The embattled European foreign affairs chief was warned by both the Swedes and her own government to ensure more openness.
Britain’s Foreign Minister David Miliband teamed up with Swedish counterpart Carl Bildt to deliver the embarrassing slapdown to his former cabinet colleague following a row about the appointment of key ambassadors.
As foreign ministers from the 27 EU nations gather in Cordoba, Spain, to argue on Friday and Saturday over priorities including how to deal with near-neighbours, conflict or crisis areas and major trade partners or economic rivals, Ashton must once again pack her flak-jacket going into her first appearance at the key strategic talks.
Last week, the EU’s High Representative for foreign and security affairs was berated for failing to attend a similar, first informal gathering of defence ministers since her appointment during a carve-up of top jobs before Christmas.
Now, she is again under fire over the make-up of the bloc’s new External Action Service, a multi-million-euro (or dollar) re-working of diplomatic missions intended to give the sum of the EU’s parts a consistent international voice and presence, and which Ashton officially heads.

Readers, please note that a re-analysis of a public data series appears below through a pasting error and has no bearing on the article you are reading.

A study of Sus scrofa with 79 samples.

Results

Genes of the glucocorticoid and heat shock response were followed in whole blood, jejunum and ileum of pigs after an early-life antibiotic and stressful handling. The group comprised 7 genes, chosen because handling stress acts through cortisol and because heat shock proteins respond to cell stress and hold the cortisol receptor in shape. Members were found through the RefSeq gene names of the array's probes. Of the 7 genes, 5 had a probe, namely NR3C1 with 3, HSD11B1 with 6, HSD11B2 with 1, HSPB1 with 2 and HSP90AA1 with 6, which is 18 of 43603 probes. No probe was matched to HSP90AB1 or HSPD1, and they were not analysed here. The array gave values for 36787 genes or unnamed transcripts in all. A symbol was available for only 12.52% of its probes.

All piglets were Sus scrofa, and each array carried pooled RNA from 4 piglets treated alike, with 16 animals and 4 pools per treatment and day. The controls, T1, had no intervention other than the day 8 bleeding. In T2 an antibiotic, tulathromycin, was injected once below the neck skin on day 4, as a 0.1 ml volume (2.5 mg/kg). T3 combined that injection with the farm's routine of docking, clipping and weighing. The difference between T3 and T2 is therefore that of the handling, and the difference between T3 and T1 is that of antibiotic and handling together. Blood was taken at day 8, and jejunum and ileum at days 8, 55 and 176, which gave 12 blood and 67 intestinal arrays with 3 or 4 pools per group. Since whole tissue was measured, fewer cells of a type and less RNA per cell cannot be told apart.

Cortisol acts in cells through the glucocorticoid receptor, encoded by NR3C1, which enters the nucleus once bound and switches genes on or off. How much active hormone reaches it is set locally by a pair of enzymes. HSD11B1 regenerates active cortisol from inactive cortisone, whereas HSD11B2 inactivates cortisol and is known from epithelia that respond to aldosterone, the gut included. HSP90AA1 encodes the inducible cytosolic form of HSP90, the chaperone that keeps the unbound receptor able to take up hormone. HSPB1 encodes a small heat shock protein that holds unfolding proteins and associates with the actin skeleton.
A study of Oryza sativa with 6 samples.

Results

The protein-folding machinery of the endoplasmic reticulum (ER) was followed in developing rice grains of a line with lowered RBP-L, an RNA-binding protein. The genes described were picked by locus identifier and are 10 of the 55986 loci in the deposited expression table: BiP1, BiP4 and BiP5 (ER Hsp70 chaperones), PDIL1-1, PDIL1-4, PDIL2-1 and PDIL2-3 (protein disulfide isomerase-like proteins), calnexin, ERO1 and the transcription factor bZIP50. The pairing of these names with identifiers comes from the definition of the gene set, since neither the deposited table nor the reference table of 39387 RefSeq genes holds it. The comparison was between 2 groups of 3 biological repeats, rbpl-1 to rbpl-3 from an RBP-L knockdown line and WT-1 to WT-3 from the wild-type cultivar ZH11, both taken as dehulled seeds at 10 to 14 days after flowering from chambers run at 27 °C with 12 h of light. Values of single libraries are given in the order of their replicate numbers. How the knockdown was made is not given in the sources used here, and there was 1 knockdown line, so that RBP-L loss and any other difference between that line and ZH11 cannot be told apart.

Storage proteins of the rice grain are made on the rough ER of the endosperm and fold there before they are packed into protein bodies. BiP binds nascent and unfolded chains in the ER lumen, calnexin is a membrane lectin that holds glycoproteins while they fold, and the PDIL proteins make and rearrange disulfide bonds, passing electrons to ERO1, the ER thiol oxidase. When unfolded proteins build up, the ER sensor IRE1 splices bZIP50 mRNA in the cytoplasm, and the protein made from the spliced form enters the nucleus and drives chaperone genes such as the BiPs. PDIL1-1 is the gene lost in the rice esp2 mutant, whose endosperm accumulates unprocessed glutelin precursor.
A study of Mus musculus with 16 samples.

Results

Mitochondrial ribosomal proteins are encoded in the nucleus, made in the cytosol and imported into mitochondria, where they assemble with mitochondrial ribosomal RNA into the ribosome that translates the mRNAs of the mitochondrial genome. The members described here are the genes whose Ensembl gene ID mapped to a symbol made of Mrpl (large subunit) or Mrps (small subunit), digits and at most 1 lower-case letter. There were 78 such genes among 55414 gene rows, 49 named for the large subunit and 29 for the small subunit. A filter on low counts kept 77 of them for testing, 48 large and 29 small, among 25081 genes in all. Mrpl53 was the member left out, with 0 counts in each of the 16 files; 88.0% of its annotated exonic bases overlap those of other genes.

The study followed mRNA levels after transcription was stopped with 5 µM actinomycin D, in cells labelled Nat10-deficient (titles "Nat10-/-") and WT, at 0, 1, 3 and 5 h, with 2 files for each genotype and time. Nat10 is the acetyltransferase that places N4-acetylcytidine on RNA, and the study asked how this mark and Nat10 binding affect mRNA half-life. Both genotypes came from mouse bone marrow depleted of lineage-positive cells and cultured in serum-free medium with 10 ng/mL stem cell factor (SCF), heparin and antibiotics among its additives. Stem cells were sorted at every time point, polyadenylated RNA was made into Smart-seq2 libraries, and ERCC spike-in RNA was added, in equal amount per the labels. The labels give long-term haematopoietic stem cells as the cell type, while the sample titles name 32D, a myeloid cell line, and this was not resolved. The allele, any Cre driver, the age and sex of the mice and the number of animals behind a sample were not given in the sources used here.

The EAS “will only work if the European Commission, the member states and the council secretariat are able to work together coherently,” Miliband and Bildt wrote in a letter to Ashton released to the media.
Institutional squabbling is a permanent feature of European political life between the countries that fund the EU, the Brussels executive that runs its day-to-day affairs and the elected parliament newly empowered to scrutinise bloc-wide laws that have seen ever-greater sovereignty over economic affairs at least seep away from national capitals.
“Recruitment of staff should be transparent and based on merit,” Miliband and Bildt added as battles for control of some 30 key global nominations due to be made over the coming months intensifies.
Ashton already stands accused of being sidelined amid controversy over the appointment of Joao Vale de Almeida, a close ally of European Commission chief
Jose Manuel Barroso, as the EU’s new envoy to Washington.
Bildt, who had previously written to all his EU colleagues complaining about the issue, said this was a decision taken by Barroso’s commission, whereas under the Lisbon Treaty, Ashton, and through her the 27 EU member states, should have been consulted.
The newer member states, a group of central and eastern countries unofficially led by top economic performer Poland, also fear being left out in the cold through backroom manoeuvering.
Ashton insisted last month that the Washington appointment was “my decision,” but a clip round the ears from her former London paymasters may make it even more difficult to keep a lid on in-fighting fuelled by a perception of weakness.
Already dogged by criticism of a lack of diplomatic experience during her initial job interview in front of the European parliament, she received further brickbats for failing to rush to Haiti after it suffered a devastating earthquake on Janury 12 — finally making the trip on Wednesday, just as fresh quakes had struck Chile and now Taiwan.